CHICAGO (Reuters) - An experimental pill appears to be helping a toddler who had a near-fatal skin reaction to his father’s smallpox shot, doctors said on Monday.
The drug, an antiviral made by Siga Technologies called ST-246, worked when more conventional treatment failed, the doctors said.
The 2-year-old, still in critical condition at the University of Chicago’s Comer Children’s Hospital, developed the rare serious reaction called eczema vaccinatum after being with his father, a soldier vaccinated for deployment in Iraq.
“He’s making slow improvement every day. He’s still in the pediatric intensive care unit,” said Dr. John Marcinak, pediatric infectious disease specialist at the hospital.
Marcinak said the rash now consumes 80 percent of the child’s body. “He’s lost a lot of the superficial areas of his skin called the epidermis. There is still a lot of healing that needs to be done,” he said.
The child, from Indiana, was admitted to the hospital on March 3, and the U.S. Centers for Disease Control and Prevention confirmed he was infected with the virus used in the smallpox vaccine.
Smallpox vaccines do not use the smallpox virus, but instead use a related virus called vaccinia that is weakened but can still infect some people.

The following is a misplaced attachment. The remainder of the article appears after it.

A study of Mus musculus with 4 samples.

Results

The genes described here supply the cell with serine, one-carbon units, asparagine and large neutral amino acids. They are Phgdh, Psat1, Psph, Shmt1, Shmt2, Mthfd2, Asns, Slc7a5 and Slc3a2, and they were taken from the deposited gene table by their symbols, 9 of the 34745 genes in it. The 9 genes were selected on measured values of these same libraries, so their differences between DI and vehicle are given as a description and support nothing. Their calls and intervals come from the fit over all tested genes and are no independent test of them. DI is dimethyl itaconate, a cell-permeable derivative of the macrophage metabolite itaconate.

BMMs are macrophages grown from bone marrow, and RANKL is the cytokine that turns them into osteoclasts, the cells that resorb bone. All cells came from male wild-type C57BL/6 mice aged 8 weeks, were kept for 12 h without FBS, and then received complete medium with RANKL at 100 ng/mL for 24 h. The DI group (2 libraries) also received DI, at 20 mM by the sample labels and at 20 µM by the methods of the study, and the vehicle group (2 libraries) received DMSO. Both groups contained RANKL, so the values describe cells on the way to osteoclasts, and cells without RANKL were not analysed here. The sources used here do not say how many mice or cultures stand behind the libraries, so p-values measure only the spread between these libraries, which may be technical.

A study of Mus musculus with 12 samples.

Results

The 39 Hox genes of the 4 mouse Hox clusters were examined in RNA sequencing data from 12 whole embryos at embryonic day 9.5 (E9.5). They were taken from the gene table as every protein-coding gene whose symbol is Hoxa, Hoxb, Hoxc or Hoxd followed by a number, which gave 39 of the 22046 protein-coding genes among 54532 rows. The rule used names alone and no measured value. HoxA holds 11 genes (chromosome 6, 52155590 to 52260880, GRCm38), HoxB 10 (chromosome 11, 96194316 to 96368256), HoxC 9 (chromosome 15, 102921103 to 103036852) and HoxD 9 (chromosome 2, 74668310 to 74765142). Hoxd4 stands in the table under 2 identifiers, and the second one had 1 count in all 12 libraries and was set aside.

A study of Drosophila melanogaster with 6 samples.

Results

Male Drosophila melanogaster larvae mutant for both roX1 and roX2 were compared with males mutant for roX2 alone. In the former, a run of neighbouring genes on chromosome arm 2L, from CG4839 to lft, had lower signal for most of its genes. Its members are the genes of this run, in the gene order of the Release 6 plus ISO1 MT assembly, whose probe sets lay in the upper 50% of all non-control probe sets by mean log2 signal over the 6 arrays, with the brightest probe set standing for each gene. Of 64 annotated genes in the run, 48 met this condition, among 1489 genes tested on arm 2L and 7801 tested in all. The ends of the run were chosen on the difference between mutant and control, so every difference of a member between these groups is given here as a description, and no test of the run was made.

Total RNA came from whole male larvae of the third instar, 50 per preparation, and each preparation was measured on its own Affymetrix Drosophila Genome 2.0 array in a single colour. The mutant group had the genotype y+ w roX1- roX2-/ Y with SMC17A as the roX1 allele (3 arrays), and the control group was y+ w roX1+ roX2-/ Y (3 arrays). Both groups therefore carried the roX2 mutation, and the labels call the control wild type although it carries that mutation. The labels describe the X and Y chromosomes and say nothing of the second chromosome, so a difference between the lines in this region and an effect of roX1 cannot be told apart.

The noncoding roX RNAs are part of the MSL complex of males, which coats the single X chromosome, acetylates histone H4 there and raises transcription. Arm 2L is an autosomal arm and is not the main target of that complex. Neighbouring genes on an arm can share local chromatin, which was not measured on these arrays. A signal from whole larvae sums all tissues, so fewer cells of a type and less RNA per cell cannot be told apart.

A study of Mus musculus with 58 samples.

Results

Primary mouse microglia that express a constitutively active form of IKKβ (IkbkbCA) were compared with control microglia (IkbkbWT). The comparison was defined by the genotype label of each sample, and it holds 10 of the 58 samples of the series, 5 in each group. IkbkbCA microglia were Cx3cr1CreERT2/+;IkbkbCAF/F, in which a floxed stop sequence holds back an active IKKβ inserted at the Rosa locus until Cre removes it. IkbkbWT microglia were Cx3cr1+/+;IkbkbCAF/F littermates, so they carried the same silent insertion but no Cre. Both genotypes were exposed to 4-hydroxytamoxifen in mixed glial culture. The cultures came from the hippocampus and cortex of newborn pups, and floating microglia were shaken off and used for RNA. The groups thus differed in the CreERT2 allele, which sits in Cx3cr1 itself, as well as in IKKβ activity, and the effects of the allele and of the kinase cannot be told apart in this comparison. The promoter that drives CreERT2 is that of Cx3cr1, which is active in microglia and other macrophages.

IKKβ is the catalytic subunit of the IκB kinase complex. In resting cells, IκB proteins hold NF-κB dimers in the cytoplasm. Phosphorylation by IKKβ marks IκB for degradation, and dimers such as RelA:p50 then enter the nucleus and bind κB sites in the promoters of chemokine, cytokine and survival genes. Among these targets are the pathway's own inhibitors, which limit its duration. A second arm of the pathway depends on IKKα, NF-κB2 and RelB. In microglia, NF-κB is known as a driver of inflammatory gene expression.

The child was given an intravenous form of vaccinia immune globulin — developed in the 1960s to treat complications of smallpox vaccinations. He also received a treatment of the antiviral drug cidofovir, made by Gilead Sciences Inc.
But he was still failing. His mother also had a rash but was not ill and his father reported no adverse reaction.
By then, Marcinak and his team were having daily conference calls with the CDC, health departments, the Department of Defense and the National Institutes of Health. During one, the CDC suggested the hospital try the experimental drug.
The drug has helped monkeys infected with smallpox, but its effectiveness has not been proven in humans.
Seeing the drug used in an infected patient presents a rare opportunity for Siga. For ethical reasons, the drug can only be tested in healthy volunteers.
“I think we can feel reasonably confident ... that this drug is contributing to the child’s recovery,” Siga Chief Executive Dr. Eric Rose said in a telephone interview.
The child’s case is the first report of eczema vaccinatum since vaccination against smallpox resumed in 2002, CDC pox virus expert Dr. Inger Damon said. She said he may already have had eczema — which makes patients especially vulnerable to the serious reaction.
The smallpox virus once killed 30 percent of its victims, and disfigured many others. A global vaccination campaign eradicated the disease in 1979.
But some samples of smallpox remain in government freezers and experts believe it could be used as a biological weapon. The United States resumed vaccinating some people in 2002, including 40,000 civilian health workers and hundreds of thousands of military personnel.
Rose said the company hopes to have the drug approved for sale by 2009. SIGA shares closed up nearly 14 percent on NASDAQ on Monday, at $5.15 a share.